Year of a Hundred books – #55 Oryx And Crake

Oryx And CrakeOryx And CrakeMargaret Atwood


I’ve been meaning to read one of Margaret Atwood’s books for years. Actually, thinking about who it was that was originally recommended her to me, it’s probably the better part of a decade, or round about the time that Oryx and Crake was published. Despite this intention, I don’t think I really knew anything about her fiction, aside from a vague idea that it may reside vaguely within the science fiction genre.

Now that I’ve read Oryx and Crake, sci-fi is an accurate label, (given the major part that science plays in the plot), but for those who care enough to distinguish within the genre, it’s probably more appropriate to class it as speculative fiction. In fact Atwood herself prefers this label, and has a rather good explanation of the distinction. The setting of Oryx and Crake owes a lot to the conventions of Nineteen Eighty-Four and Brave New World, though it is perhaps less political than these two other works. Or maybe it’s just that the nature of politics has changed so much in the last sixty years that it’s impossible to compare the two.

In the world of Oryx and Crake, corporations run the world. As far as we know, society as we recognise it has crumbled, and instead the characters live in compounds created by various Bio-tech companies, reminiscent of the micro-burbs of Neal Stephenson’s Snow Crash combined with the sort of planned towns like Bournville that you’d find in 19th Century England. It’s all a bit totalitarian and creepy, possibly because this doesn’t seem to be particularly difficult to imagine as a long term eventuality any more? Or perhaps I’m just a bit cynical.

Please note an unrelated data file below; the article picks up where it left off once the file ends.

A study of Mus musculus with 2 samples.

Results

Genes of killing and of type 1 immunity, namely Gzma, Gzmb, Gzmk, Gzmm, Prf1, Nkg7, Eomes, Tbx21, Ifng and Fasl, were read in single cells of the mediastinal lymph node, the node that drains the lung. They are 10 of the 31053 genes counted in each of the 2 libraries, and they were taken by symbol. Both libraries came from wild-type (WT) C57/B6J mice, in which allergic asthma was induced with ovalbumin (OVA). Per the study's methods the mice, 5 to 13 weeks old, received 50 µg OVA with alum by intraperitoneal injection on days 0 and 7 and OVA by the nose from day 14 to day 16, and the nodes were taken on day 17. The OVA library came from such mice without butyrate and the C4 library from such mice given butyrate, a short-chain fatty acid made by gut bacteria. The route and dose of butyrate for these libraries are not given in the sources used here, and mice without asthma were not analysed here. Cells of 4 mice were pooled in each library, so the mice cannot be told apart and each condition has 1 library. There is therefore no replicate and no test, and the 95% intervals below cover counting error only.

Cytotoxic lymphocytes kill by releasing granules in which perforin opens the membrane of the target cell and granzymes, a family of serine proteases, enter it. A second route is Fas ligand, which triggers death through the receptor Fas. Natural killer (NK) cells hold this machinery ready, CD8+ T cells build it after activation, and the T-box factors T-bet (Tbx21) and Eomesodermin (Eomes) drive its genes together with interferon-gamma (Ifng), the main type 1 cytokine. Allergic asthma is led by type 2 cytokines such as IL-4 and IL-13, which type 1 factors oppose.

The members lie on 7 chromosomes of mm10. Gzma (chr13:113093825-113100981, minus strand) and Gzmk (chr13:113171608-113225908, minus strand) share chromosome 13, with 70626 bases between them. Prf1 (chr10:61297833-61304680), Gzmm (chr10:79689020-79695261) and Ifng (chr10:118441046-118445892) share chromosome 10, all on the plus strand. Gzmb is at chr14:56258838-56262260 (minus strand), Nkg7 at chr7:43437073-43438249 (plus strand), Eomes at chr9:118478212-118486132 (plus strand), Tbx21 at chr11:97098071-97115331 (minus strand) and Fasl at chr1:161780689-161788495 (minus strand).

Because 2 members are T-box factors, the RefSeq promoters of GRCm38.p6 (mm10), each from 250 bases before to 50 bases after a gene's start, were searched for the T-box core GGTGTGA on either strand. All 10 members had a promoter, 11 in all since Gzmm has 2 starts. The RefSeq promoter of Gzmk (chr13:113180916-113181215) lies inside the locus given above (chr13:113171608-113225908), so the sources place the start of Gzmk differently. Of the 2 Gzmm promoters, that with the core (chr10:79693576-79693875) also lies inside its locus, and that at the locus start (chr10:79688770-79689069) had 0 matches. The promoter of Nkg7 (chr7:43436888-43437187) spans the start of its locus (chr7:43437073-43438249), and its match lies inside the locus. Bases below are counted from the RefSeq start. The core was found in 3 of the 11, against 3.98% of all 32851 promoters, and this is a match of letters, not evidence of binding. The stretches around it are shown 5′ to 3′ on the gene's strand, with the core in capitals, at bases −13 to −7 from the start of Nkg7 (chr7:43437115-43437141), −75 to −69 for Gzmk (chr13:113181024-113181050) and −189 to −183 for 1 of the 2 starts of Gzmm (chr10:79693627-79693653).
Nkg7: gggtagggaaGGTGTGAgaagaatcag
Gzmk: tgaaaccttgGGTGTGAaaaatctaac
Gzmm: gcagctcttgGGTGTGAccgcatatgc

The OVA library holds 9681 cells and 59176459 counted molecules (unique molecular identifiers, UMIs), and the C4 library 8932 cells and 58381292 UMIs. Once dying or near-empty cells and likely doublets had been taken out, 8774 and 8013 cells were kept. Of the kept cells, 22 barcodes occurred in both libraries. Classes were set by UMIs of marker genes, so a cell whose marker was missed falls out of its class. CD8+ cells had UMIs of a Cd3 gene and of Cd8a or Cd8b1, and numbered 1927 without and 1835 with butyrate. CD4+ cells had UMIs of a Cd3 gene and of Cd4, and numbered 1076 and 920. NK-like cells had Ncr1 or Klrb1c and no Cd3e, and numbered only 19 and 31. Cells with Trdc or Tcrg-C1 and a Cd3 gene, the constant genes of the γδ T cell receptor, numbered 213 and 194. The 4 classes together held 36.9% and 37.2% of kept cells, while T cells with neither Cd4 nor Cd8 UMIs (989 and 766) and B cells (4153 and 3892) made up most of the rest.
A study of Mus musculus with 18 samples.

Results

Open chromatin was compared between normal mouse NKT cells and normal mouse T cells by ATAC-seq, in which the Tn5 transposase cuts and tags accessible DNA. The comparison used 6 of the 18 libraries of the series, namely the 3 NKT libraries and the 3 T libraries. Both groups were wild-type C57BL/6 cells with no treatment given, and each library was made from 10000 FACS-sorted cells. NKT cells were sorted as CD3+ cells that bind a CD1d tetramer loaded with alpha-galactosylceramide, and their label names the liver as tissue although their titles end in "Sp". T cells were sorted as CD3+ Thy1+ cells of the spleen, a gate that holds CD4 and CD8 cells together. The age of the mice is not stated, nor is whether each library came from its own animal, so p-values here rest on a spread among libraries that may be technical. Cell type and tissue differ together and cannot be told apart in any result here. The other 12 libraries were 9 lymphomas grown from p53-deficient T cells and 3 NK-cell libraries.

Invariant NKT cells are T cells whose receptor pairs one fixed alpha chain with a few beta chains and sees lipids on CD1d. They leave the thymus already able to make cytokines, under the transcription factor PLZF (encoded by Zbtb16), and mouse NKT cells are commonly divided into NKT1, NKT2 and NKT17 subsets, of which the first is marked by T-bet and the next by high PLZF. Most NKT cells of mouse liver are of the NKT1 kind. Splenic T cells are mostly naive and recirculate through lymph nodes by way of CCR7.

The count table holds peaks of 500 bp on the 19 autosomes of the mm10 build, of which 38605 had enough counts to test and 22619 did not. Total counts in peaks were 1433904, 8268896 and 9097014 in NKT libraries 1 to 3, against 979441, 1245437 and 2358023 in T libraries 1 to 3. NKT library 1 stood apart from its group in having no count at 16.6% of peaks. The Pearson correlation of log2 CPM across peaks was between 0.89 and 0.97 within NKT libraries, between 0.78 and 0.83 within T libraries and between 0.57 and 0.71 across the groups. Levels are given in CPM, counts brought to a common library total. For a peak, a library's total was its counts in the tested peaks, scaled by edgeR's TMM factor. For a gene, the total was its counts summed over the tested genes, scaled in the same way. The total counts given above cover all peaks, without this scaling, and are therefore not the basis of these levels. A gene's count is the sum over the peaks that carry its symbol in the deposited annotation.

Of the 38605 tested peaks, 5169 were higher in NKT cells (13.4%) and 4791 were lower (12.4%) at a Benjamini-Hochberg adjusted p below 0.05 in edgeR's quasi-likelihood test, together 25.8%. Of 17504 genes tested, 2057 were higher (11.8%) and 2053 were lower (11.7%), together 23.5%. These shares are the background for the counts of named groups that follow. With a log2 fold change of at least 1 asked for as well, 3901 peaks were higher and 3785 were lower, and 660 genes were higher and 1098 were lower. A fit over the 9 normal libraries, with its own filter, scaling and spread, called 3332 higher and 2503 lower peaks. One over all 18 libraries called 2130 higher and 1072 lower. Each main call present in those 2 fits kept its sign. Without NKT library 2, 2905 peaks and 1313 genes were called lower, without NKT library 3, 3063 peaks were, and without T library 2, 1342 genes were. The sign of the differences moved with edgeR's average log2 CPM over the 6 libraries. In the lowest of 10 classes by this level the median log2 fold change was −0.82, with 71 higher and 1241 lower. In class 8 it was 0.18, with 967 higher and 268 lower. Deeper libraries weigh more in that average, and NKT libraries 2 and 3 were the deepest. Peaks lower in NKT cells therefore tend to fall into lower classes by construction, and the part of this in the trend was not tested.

Despite all the comparisons I’ve made above, Oryx and Crake reminds me of Where Late the Sweet Birds SangGenetic engineering and its results play a major driving force for the plot, because what I’ve been hitherto talking about only happens in flashbacks. The story itself takes place after the end of humanity, with the narrator,one of the few survivors, acting as a caretaker for the first generations of the new and improved Homo Sapiens. In contrast to Where Late, this isn’t just cloned humans, but instead humanoids that have been specifically tailored by the mysterious Crake (who does admittedly become less mysterious through the flashbacks) to be a more perfect species. It’s certainly an interesting concept.

I think what struck me most about the book was that it doesn’t feel dated at all. Apart from a small reference to a library’s digitised catalogue living on CD-ROM, there’s nothing that makes you think  “Oh yes, this was written in the early 2000s”, which is definitely something be praised. Atwood also avoids moralising when it comes to the genetic engineering that’s going on (well, except for the bit that causes the extinction of humanity) which is a nice change.